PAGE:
I am a total noob to guitar (nay, music) in my adult years. I find that I play a lot at night when the rest of the house wants to sleep or at the very least not hear my terrible guitar playing. I play acoustic guitar.

The solution to this problem is an electro-acoustic guitar that has very low output out of the sound hole but normal output on the electro-end. I can then link this to headphones and can make as much noise as I like. I have been Googling away and either this type of guitar doesn't exist or I'm Googling for the wrong terms...

Does this type of guitar exist? If not, why not?

  • 3
    An acoustic guitar will usually be designed to be loud and project well acoustically, as that's almost always what is wanted from an instrument in a performance situation. Why not just play a normal electric guitar in situations where you need to be quiet? Commented Feb 12, 2016 at 12:07
  • Not really an answer but apart from playing electric without plugging it in so its quieter you can buy something like vox amplug. Commented Feb 12, 2016 at 13:04
  • You could also use a soundhole cover (example).
    – user28
    Commented Feb 12, 2016 at 19:05

7 Answers 7


Such guitars are called Silent Guitars. Try the pointers in the Wikipedia article or search for the term "silent guitar" with quotes around it in a web search engine. They are quite different from electric guitars, and you cannot sensibly practice fingerpicking on an electric guitar since it is going to shred your fingernails.

  • 12
    Why does an electric guitar shred your fingernails more than a steel-string acoustic? Commented Feb 12, 2016 at 12:45
  • 2
    Second this suggestion. I use the analogous item - a "silent cello" Commented Feb 12, 2016 at 13:04
  • 3
    @BigTobster bear in mind that 'silent guitar' is something of a marketing term - for example, SILENT guitar™ is a Yamaha trade mark for an instrument that has a piezo (rather than magnetic) pickup, but it is still effectively a type of electric guitar. Commented Feb 12, 2016 at 15:32
  • 2
    @AlanSutherland - totally disagree. I had callouses for a couple of years, through playing rubbish guitars. Then I learned how to set up, with half decent guitars, and haven't had callouses for 50+ yrs. You certainly don't want them on your picking fingers anyway.
    – Tim
    Commented Feb 13, 2016 at 7:48
  • 2
    Mark Knopfler and Lindsey Buckingham would like a word... Commented Feb 13, 2016 at 10:26

When you say acoustic, I assume it's one with steel strings. It can be made a lot quieter with a fitting that goes into the soundhole, to stop noise coming out. The same would go for a classical type guitar, which would usually be a little quieter anyway.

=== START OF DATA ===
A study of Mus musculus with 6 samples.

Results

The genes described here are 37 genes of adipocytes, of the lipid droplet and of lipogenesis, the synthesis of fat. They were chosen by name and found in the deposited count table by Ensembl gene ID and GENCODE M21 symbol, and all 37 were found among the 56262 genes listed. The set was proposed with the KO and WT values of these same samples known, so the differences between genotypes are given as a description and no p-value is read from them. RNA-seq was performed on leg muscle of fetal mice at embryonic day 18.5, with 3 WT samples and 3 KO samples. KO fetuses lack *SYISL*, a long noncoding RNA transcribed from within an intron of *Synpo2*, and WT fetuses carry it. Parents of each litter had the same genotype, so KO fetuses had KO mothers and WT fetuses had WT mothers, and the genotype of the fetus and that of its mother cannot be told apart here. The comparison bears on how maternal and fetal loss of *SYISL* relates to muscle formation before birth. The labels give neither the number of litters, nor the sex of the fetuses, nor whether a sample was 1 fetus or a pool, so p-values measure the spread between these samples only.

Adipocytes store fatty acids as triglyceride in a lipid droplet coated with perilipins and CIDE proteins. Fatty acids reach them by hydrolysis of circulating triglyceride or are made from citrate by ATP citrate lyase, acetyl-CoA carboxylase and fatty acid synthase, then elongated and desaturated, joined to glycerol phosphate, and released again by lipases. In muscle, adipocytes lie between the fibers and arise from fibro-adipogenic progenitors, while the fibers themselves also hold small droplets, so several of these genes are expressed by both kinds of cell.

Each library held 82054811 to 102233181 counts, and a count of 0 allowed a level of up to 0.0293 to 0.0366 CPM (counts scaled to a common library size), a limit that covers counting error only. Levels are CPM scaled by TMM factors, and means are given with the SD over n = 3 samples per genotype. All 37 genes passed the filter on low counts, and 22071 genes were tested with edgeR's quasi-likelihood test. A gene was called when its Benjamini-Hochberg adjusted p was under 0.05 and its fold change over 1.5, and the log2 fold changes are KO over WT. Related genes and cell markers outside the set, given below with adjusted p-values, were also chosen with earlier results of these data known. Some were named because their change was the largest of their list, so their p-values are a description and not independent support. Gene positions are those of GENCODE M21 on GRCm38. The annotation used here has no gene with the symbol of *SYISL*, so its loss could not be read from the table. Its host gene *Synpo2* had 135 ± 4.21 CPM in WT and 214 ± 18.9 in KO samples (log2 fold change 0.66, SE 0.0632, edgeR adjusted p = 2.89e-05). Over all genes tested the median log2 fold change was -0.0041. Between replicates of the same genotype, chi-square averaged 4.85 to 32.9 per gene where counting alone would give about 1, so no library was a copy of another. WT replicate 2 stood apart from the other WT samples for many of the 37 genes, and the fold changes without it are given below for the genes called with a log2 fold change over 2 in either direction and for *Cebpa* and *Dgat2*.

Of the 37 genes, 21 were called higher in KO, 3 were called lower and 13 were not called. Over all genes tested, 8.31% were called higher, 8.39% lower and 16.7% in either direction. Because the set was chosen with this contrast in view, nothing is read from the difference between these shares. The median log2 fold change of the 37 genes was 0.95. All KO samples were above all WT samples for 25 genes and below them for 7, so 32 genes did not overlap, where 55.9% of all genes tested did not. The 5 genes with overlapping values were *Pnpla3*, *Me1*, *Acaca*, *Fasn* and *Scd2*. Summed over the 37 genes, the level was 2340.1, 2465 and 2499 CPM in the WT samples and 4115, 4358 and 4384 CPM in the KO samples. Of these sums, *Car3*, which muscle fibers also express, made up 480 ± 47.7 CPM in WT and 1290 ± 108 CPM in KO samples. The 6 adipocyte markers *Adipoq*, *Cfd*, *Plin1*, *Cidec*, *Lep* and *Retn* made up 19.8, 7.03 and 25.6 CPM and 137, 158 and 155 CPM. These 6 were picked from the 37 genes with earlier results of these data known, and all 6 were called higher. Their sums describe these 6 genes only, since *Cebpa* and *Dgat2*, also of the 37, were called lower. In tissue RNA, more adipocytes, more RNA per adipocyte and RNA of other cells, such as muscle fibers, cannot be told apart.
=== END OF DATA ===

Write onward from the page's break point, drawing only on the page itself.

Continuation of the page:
If you are used to steel strings, a solid body electric is the answer. Very little noise from the guitar itself, but pluggable for your own pleasure. The action, and ease of playing may well be an improvement on what you already have. The strings may well feel better as well. You won't wreck your nails or fingers. If you're just picking rather than strumming, then no-one will be kept awake.

You may also consider playing in a different room, or getting your kids to make friends with others who like sleepovers at their house...


The Traveler Guitar's and similar - mentioned in the Wikipedia article linked in the answer by user26522 is a very good option.

Another option would be some of the "acoustic electric" guitars made by Godin Guitars, specifically the Multiac series. They are very similar to a solid body electric but have a small chamber that permits the use of an under-saddle transducer to provide a more acoustic sound in addition to the humbucker for more of an electric sound. Several of their guitars are designed to look and feel more like an acoustic and sound more like an acoustic than a strictly electric guitar such as a Fender Strat or Gibson Les Paul. Here us a link to the Godin Website Godin Guitar Website - Multiac Series Below is a picture of some Godin Guitars that I call "solid body acoustics".


Have fun!


An acoustic guitar is not going to work for your situation. It's too loud. An electric guitar will still make some noise when you play it, but not as much as an acoustic. Chances are, you can wail away on an electric and not bother anyone, as long as you are in a different room. In the same room, you'll probably make enough noise to keep someone awake.

You can find plenty of headphone amps for electric guitars. That's what you want. Some cost as little as $20 US.


Check out the Line 6 Variax acoustic guitars. The natural sound is very quiet like an electric guitar and then the acoustic guitar sounds are digitally modeled so it's not 'authentic' acoustic, but they still sound very good. You can even change the style of guitar and a whole lot of things like tuning, capo, etc just by changing the settings.

Here's a video I found on Youtube demoing it.


Electric guitars are relatively quiet when you wear headphones. They make acoustic pedals that will make the electric guitar sound acoustic. But playing an electric guitar is different than an acoustic guitar in other ways. For instance, electric guitars have the strings closer together, the distance between the string and fret is closer, and electric guitars can hit higher notes. I actually prefer electric guitars for these reasons.


There are a number of possible solutions; Yamaha makes a silent guitar which has a partial frame and uses ( I believe a transducer to amplify the sound), Gibson use to make a Chet Atkins model both in nylon and steel string that used pizo pups. Some of the Gibson's had a solid body but had a sound hole and acoustic sound played through and amp. You can also find an amp or pedal that lets you use headphones.